If you’re strolling down the beach in Puerto Viejo and happen to stumble upon a collection of sushi sand castles and sand-shimi, remain calm and stay where you are. It is likely you will soon be greeted by April Jenkins and given a coupon for free sake at the hotel and restaurant she manages, The Lotus Garden. Jenkins, an advertising major from Texas, uses her sand creations to help direct people to the restaurant, which is less then five minutes from the ocean.
The Lotus Garden got its start twelve years ago when an American named Jordan Klow, a Tico named William David Sanchez, and a Filipino named Roque Brebonbria came together to bring sushi to Puerto Viejo. “The town lacked far-east Asian cuisine; there was just an opening for it,” says Jenkins.
From Saki bombs to Satay, the restaurant offers Asian fare and an atmosphere to match the name. The dining room is spacious and decorated with fountains, dangling red paper lamps, wooden tables and hardwood floors, exuding a Zen-like feel that complements the laid-back Caribbean town. Just outside, two sloths have taken up residence in The Lotus Garden’s courtyard trees.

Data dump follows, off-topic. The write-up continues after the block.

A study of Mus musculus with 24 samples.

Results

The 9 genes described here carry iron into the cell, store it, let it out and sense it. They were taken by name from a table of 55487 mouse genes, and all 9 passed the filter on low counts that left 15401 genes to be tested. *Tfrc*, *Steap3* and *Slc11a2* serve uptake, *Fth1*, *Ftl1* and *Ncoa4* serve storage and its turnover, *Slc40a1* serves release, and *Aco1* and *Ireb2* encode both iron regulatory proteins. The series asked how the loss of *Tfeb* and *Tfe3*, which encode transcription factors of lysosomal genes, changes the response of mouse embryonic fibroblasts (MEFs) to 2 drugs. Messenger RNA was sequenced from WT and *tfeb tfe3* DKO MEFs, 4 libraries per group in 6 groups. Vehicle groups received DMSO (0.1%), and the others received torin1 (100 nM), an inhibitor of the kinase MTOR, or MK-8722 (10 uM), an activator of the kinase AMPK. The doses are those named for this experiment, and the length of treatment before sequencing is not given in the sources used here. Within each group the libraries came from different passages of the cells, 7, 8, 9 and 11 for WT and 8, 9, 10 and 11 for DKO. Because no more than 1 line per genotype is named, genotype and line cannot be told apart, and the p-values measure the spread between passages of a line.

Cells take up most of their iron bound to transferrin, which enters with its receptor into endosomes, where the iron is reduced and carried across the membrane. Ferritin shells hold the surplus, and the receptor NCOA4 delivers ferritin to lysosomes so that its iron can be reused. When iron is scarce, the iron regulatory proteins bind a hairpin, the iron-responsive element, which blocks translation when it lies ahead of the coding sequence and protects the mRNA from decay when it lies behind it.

The staff is as friendly as the surroundings. Pam, a Canadian massage therapist who’s been in Puerto Viejo for five years, showed us how to properly take Saki bombs as a precursor to our meal. All you need to do is place your chopsticks across the rim of a beer, balance a shot of sake on top and shout “Sake Bomb!” while slamming a fist on the table. The shot falls in. You chug. You order another round.
After the bombs, we were treated to an innovative take on the traditional Japanese miso soup. In place of tofu squares and seaweed, The Lotus Garden added freshly chopped vegetables such as carrots and bell peppers, making for a heartier soup with a crunch. “The rest of the recipe is a secret,” Jenkins comments with a chuckle.
The main attraction arrived next, an expansive dish of all-you-can-eat sushi composed of simple yet flavorful rolls and sashimi. All of the sushi is made fresh, with tuna and marlin caught by local fisherman, while the salmon is imported from Chile. The Lotus Garden usually keeps their sushi simple, but adds the occasional Tico flair.
For example, the Puerto Viejo roll combined marlin and mango, a salty and sweet amalgam that that confused my taste buds into submission. An all-you-can-eat plate costs $20 per person and starts with 20 pieces. And although the restaurant doesn’t have official competitions, the most a single person has eaten was 90 pieces.
In a fit of indulgence, our table of three took down 80. Then we headed out into town, content and full of fish.